Students get Face to Face with Kristin Chenoweth

Kristin Chenoweth

What is the acting process like for Emmy and Tony Award-winning actress and singer Kristin Chenoweth? “I get my character when I get the shoes the character is going to wear,” she said.

At the Face to Face Speaker Forum student-led event, Leadership and Character Program scholars and seniors Ian Davis-Huie, an elementary education major, and mathematical statistics major Josh Knight led a conversation with Chenoweth in Wait Chapel.

“I do all the homework before the first day of rehearsal, then I can really play the part.” Chenoweth said. Her advice for acting: “Get all your ingredients to make a soup before you cook it.” 

Chenoweth’s career spans film, television, voiceover and stage. She was nominated for a Tony Award for “Wicked” and won a Tony for her performance as Sally Brown in the musical “You’re A Good Man, Charlie Brown.” In television, she earned an Emmy Award for her role on “Pushing Up Daisies” and was nominated for two Emmy Awards and a People’s Choice Award for her role on “Glee.”

When asked about how she chooses the parts she plays, Chenoweth said she chooses roles “where I see myself as the only person who can play that part.”

“ Look for the joy in life. Follow your dreams. Follow your passion. Do that thing.” Kristin Chenoweth

An author as well as an actor, her book, “A Little Bit Wicked: Life, Love, and Faith in Stages,” describes her life and career, including her adoption, her turn in Wicked and her time in Hollywood. During the pandemic, she wrote, “I’m No Philosopher, but I Got Thoughts” and “My Moment: 106 Women on Fighting for Themselves.”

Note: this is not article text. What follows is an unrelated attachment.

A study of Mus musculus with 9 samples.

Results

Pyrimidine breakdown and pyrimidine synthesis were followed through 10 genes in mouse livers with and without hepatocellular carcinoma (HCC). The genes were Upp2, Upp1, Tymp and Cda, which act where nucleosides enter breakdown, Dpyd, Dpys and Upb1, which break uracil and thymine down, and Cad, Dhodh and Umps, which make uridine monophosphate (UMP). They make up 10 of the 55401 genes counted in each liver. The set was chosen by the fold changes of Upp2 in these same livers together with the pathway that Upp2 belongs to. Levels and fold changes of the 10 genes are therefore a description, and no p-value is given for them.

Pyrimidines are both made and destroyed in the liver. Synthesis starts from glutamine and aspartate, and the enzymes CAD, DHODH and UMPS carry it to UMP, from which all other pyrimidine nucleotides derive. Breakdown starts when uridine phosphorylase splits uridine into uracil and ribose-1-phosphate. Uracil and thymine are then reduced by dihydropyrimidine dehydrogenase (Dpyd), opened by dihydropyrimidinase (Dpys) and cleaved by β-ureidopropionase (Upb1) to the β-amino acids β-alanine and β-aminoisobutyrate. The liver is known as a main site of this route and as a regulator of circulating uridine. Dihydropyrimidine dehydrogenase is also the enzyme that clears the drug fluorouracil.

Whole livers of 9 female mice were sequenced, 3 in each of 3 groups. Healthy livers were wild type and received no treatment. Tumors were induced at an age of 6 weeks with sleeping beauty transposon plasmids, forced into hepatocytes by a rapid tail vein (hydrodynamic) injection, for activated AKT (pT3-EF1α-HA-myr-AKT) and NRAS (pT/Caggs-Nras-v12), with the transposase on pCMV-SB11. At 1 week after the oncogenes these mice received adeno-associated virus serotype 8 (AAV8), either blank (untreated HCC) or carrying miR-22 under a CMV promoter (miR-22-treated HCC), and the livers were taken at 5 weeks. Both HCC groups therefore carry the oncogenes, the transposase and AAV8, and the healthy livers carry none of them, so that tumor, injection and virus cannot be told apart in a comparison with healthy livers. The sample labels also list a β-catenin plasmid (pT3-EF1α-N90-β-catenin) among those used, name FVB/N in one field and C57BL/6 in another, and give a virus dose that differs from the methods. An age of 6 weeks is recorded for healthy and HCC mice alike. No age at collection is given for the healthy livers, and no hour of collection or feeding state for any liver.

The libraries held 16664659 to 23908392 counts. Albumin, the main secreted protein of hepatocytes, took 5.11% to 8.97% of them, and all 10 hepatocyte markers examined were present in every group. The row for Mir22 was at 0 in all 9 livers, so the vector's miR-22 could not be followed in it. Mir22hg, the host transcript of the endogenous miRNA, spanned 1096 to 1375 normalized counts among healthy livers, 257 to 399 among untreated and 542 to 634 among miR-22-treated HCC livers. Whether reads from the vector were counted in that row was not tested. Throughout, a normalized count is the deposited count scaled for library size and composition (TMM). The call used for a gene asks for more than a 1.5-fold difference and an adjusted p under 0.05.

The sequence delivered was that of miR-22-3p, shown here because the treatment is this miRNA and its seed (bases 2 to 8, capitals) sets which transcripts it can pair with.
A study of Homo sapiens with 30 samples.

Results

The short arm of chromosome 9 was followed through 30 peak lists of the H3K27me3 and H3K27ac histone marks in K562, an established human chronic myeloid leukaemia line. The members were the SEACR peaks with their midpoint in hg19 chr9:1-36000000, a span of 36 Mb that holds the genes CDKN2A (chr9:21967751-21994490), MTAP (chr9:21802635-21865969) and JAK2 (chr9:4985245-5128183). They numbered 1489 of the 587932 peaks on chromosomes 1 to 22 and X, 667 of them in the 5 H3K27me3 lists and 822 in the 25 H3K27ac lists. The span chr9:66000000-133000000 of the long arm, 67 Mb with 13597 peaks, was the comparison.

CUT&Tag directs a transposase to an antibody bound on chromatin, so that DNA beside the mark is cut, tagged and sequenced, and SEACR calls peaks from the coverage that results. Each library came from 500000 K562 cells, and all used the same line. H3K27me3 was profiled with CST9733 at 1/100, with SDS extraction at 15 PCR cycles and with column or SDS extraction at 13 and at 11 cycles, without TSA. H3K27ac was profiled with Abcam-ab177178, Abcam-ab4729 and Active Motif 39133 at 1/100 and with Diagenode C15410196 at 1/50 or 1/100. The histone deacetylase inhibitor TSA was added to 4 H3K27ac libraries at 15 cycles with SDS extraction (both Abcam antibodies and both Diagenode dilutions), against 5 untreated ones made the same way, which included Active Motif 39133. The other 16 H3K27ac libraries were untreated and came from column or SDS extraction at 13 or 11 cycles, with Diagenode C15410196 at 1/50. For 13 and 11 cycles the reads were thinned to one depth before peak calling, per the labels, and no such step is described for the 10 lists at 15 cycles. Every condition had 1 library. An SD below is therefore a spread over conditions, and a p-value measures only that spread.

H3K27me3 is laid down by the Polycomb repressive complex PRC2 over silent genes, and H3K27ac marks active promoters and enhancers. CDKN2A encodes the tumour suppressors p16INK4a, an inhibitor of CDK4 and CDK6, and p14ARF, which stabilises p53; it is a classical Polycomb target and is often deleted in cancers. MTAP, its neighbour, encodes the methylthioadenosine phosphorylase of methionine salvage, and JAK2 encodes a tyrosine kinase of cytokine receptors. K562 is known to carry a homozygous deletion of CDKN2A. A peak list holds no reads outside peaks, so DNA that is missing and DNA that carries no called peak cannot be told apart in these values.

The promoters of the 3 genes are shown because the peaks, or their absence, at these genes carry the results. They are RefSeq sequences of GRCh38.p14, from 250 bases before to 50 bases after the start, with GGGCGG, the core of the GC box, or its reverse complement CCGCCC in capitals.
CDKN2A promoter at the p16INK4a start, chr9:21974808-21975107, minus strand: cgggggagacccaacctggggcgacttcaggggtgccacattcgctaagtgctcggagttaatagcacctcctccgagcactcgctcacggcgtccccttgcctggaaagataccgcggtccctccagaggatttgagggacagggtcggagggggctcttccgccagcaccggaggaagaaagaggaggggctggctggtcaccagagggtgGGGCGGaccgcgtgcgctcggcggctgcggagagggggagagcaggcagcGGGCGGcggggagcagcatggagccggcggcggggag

“I asked 106 women when was the first time they fought for themselves,” said Chenoweth. “But, it’s a great question for all of us. ‘How did you fight for yourself, and how did it change you?’”

Through the Kristin Chenoweth Arts & Education Fund, Chenoweth raises funds to cultivate artistic expression for children. “I want to leave the world a better place than when I found it,” she said.

At the keynote conversation with NPR film critic Bob Mondello, Chenoweth talked about her faith, her favorite roles, and her struggles with anxiety and depression. She also shared about both the good and not-so-good choices she made in her career and what she learned from both.

At the end of the evening event, Chenoweth told the audience that when she visits colleges she likes to surprise a student – one that she hasn’t met ahead of time – with an invitation to sing with her.

Sophomore Ellie Howell, who is studying history and theatre, joined Chenoweth on stage to sing Elphaba’s part in the song “For Good” from the musical “Wicked.”

The two received a standing ovation.

The Face to Face Speaker Forum announced the lineup for its third season after the performance.

The community-facing forum brings world-renowned, influential voices to Winston-Salem to discuss topics in a variety of areas including politics, arts and culture, business and social justice. 

This Face to Face Speaker Forum with Kristin Chenoweth was presented by Wells Fargo Wealth & Investment Management. A complete list of Face to Face Speaker Forum sponsors is available here.